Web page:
How To Compare Solar Quotes: Site Surveys and Design Factors

Utilizing websites such as Energysage is a great way to get multiple estimates on a solar project. However, all the information can be overwhelming, and make it difficult to choose an installer. Luckily for homeowners, there are some key pieces of data to look for to make it easier to compare quotes. Our series of blog posts, “How To Compare Solar Quotes” will explain each piece of data so you can feel more confident as you look at different solar proposals.

Solar companies use a number known as a ‘design factor’ to calculate kWh/year output. A design factor can be calculated during a site survey, or estimated from a satellite image.

During a site survey, a solar designer will go onto the roof and use a tool such as a ‘Pathfinder’ or ‘Suneye’ to measure the distribution of sun to shade on the roof, roof tilt and building orientation. From that data, the design factor, or percent efficiency, of the proposed solar system is calculated, and an accurate annual kWh/year output is obtained. The designer will also take roof measurements and note any obstacles such as vent pipes and skylights. The number of solar panels are determined from those measurements and the system panel wattage and kWh output are calculated.

Some solar companies will perform a ‘site survey’ but not go on the roof. Other solar companies will generate a quote using a satellite image and an estimated design factor of 95% or greater to calculate kWh/year output. A high kWh/year output will make the financial return on investment appear to be very attractive.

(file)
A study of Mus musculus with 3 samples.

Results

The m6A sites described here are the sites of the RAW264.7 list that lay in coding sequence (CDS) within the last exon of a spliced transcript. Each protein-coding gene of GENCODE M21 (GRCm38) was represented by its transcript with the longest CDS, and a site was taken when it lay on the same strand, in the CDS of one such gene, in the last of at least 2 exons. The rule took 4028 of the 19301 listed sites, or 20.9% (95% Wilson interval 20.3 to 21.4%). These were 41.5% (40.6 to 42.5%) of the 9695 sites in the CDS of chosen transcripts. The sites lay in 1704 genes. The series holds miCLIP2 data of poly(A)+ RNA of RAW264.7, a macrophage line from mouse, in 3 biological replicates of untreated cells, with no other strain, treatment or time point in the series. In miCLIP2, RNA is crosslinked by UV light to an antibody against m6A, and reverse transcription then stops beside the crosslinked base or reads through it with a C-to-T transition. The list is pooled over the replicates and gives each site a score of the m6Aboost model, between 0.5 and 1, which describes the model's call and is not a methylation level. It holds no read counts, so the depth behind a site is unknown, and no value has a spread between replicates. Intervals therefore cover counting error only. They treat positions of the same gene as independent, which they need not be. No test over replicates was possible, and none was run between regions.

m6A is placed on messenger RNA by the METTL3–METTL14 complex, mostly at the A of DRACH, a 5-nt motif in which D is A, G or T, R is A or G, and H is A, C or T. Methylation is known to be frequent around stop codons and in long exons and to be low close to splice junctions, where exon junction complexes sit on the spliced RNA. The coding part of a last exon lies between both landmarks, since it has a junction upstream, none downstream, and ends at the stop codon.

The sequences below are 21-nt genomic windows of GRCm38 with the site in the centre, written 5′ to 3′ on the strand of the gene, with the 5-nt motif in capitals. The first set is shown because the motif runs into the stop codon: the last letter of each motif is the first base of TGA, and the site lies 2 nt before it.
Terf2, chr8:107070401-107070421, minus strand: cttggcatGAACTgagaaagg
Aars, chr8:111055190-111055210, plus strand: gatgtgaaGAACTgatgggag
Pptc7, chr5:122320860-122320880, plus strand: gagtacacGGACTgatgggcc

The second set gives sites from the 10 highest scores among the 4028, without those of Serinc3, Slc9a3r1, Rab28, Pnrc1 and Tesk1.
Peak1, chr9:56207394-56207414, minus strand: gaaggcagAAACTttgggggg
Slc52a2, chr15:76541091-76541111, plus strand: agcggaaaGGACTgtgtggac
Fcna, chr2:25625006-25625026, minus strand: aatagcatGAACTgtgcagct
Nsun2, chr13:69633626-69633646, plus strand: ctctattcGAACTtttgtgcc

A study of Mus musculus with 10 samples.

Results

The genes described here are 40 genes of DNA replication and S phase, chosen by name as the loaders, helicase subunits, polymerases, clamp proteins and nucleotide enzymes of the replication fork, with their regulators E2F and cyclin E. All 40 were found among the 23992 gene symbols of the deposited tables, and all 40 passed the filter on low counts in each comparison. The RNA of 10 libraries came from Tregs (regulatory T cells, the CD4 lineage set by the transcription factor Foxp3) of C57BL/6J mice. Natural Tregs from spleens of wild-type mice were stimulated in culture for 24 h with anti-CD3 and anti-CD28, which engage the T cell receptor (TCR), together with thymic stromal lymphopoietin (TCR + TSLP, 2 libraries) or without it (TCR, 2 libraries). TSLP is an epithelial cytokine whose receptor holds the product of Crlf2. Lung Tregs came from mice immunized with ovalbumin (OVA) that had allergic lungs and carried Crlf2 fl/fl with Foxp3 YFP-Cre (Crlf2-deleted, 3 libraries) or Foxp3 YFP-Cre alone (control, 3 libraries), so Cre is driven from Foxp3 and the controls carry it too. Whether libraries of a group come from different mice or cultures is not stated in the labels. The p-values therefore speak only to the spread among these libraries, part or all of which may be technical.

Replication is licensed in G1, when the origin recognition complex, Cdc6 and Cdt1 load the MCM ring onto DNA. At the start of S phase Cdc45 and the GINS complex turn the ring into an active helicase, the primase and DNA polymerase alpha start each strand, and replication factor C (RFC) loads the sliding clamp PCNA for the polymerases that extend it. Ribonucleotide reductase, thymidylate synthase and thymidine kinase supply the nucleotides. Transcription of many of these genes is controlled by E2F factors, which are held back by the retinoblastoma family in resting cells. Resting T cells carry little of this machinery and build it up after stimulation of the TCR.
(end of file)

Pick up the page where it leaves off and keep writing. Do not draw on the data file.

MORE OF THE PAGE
However, a design factor of over 95% means that the house roof is at a close to perfect north/south orientation, and there is no shading on the solar panels during the hours of 9 am – 3 pm (solar window) throughout the year. An estimated design factor should always be verified by a site survey with actual measurements to determine a realistic annual production.

Using Energysage, for example, a homeowner can request an initial quote from a satellite image. After receiving this, the homeowner can follow up with the installer to come out for a site visit. After the visit, the installer can upload a new, more accurate quote. It’s important to remember that the satellite images are not always accurate, and may not reflect new constructions, tree removals, or other changes made to a property.

A site survey is used to collect information for an accurate quote.
A homeowner should never sign a purchase agreement until a site survey with measurements is conducted to verify annual solar production given in a quote.

The next blog will focus on production ratio, another piece of data that homeowners can use to compare solar quotes.